A lot of These People are Going to be Getting Audited-Blunt Talks to Seattle Tax Accountant and Former IRS Agent Howard Choder.
Howard Choder was an IRS agent for close to 15 years before starting his own accounting practice in the late 1990’s. Based in Seattle, his clients now include cannabis companies. He discussed the cannabis tax landscape, including 280E the section of the tax code which restricts which expenses companies can deduct, which forces some cannabis companies to pay higher rates than mainstream businesses.
Alex Halperin: What do you think the IRS’ view of cannabis is?
Howard Choder: In Washington State, the agents know that it’s legal. They know that 280E exists. But a lot of times, what happens at the IRS is [that directives] come out of the national office, not regional, or local offices.
I saw recently that the audit rate for cannabis clients is 8%, versus the general population, where it’s down to 1%. I imagine that a lot of these people are going to be getting audited more and more because of the amount of revenue the IRS collects. That would be the number one factor, the amount of revenue.
Alex Halperin: Are cannabis businesses being audited for the same reasons as other businesses, or different reasons?
Howard Choder: It’s for same reasons. The IRS’s job is to make sure that tax returns are accurate, and if there’s inaccuracies or discrepancies they can collect money. Through years and years, they’ve gotten very good at recognizing what tax returns are more likely to have inconsistencies or not have substantiation, which could lead to a profitable audit.
Alex Halperin: Because so many of the companies don’t have access to banking, the IRS just has to rely on the company’s self-reporting? Is there any way to verify their numbers?
Howard Choder: That is the hard part. Restaurants are the same way. Sometimes there are audits where [an agent] sits there for four hours and watches the sales go through and then imputes based on that four hours what their daily sales would be, and from there monthly sales.
But in Washington State, the cannabis industry is regulated with BioTrack, the tracking system that everyone involved with pot has to use. It’s a reporting mechanism that goes to the state liquor control board. Always easier when you have a 3rd party software tracking revenue for you!
Alex Halperin: You’re saying that BioTrack makes verification fairly easy for the IRS.
Howard Choder: Exactly, because of Washington State regulations, it’s hard to get by the BioTrack. I’m sure there’s probably some inventory that slips through for employee pilfering, or use, whatever. But they’re not taking large sums of money out, because it can’t really happen unless you find a flaw in the reporting.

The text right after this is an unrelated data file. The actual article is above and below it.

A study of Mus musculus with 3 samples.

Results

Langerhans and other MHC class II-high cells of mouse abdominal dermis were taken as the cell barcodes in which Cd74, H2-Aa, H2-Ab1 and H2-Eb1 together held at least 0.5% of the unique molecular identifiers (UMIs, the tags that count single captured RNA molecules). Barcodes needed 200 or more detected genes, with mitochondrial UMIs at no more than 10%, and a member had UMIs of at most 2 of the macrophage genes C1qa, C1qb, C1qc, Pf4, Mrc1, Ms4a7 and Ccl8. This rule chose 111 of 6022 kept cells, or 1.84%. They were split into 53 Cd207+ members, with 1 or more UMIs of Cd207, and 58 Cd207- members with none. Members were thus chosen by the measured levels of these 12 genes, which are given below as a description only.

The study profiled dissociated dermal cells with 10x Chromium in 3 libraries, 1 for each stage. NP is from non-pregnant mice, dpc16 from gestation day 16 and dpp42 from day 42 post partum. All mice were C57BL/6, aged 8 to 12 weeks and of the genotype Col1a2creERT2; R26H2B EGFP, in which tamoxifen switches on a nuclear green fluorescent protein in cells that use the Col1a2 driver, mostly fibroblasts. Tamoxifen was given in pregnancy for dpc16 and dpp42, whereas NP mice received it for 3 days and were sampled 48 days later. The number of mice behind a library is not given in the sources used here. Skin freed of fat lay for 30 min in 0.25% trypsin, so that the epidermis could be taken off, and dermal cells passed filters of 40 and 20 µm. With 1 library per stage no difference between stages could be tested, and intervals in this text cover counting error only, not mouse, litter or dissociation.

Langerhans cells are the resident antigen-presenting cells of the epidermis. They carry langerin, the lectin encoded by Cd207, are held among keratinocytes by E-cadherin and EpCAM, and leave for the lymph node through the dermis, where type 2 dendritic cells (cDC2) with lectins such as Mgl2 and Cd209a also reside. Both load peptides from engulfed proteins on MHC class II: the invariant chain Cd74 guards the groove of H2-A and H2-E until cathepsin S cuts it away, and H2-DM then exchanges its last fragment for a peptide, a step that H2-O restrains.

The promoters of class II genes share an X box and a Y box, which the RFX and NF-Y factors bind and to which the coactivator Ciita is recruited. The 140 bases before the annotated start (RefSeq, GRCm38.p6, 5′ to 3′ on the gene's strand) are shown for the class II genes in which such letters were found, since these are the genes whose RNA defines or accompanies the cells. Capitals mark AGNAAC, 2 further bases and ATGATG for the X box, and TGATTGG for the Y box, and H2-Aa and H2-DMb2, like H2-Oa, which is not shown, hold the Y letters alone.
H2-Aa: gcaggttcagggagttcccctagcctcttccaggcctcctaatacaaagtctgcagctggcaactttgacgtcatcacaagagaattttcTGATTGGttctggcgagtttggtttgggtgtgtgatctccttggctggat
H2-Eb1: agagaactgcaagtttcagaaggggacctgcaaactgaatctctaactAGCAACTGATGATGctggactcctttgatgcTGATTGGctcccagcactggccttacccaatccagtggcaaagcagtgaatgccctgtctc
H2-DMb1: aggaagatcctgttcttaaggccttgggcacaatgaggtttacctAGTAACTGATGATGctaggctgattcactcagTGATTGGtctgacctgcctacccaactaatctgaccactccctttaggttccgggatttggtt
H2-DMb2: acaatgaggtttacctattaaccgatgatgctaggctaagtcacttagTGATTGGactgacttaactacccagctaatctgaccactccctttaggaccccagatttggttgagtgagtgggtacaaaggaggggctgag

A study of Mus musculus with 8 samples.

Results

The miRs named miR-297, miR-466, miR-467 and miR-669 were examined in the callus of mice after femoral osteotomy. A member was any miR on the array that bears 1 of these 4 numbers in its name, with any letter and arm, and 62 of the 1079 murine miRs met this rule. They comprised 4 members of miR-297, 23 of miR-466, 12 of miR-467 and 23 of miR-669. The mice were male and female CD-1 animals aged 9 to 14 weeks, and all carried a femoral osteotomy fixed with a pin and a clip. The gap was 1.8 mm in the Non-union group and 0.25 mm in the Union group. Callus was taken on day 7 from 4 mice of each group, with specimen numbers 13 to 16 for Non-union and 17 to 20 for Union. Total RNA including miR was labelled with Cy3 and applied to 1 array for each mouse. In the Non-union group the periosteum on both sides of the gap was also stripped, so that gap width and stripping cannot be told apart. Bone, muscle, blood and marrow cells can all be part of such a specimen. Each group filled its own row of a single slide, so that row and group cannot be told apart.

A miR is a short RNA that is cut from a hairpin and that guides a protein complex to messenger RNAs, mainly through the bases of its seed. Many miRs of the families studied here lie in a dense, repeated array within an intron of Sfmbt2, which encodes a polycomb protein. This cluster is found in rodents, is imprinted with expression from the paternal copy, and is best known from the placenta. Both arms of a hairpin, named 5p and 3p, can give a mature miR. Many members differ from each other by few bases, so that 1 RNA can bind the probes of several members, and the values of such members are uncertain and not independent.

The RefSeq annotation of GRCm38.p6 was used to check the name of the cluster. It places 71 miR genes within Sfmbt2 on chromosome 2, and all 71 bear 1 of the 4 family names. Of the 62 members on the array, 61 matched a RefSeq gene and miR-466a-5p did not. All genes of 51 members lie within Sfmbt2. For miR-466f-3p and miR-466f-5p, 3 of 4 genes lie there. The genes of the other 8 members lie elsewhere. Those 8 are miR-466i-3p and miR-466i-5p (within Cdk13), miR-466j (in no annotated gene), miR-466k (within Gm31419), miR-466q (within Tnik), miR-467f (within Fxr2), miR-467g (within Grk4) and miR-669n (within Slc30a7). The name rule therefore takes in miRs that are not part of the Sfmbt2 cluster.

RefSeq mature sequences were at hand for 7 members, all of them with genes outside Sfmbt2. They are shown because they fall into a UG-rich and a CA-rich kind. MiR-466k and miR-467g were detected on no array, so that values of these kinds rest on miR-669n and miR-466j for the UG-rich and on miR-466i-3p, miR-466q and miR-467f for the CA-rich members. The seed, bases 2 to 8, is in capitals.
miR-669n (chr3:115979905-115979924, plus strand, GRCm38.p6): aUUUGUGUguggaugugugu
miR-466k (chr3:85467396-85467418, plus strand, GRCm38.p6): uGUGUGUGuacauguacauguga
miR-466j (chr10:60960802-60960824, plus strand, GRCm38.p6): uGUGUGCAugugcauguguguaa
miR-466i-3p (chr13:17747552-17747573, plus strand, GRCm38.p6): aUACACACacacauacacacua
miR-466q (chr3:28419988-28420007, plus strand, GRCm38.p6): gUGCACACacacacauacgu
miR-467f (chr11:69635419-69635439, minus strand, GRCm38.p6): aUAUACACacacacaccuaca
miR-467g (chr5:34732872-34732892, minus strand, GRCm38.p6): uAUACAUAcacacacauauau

Alex Halperin: What’s your impression of how that’s different in Colorado and California?
Howard Choder: I just don’t know that. I’m only exposed to Washington State cannabis clients.
Alex Halperin: We all know how much the industry hates the 280E section of the tax code. Can you give an idea of the 280E burden on a cannabis business relative to a comparably sized business in the mainstream economy?
Howard Choder: It’s night and day. I always compare it to a coffee shop. You have a pot shop, and right next to it you have a coffee shop. You’re both selling a commodity. You’re selling cups of coffee, or selling cannabis cookies. The coffee shop can deduct the rent, whereas the pot shop can’t.
Alex Halperin: How do you anticipate access to banking changing the tax process for cannabis companies?
Howard Choder: If you would’ve asked me that prior to November 8th, I would’ve had a very different answer than what I have today. I think that everyone in this industry is a little scared, and a little anxious, and there’s a lot of unknowns. You have an attorney general coming in that says, “I don’t like it.”
Then, you have the majority of states that are making some type of money off of this. Those that have opened it up to recreational, well, they’re making a lot more than other states.
I think as these states start to apply pressure to the administration, — “Hey. You know, you’ve cut off so much to our funding, and now you’re going to put a crimp on that.” While you may have an ideological attorney general, you may have the economics of the states pushing back.
Alex Halperin: How do cannabis companies without bank accounts pay their workers and account for it at tax time?
Howard Choder: All of my cannabis clients have bank accounts. I believe every one of them uses Salal Credit Union and pays a high monthly fee to keep their account open. I’m not sure how other cannabis companies can survive without a bank account. Having that much cash is a liability for anyone.
Alex Halperin: In Washington state, what is banking access like for cannabis companies?
Howard Choder: Not friendly at all. There’s Salal and I hear one more institution in eastern Washington accepts cannabis clients. Others have tried at Wells Fargo and Bank of America only to be shut down later.
Alex Halperin: Can you give a bit more insight into what operations and compliance are like for companies without bank accounts?
Howard Choder: Much more difficult.
There’s a great tax court case about a company in Colorado that was making employee tax deposits at the IRS using cash. They paid them all on time. The IRS assessed them with a penalty because they were supposed to do it electronically. The company appealed the penalty and lost. Then they took it to tax court and the tax court admonished the IRS for assessing the penalty when in fact they had the money.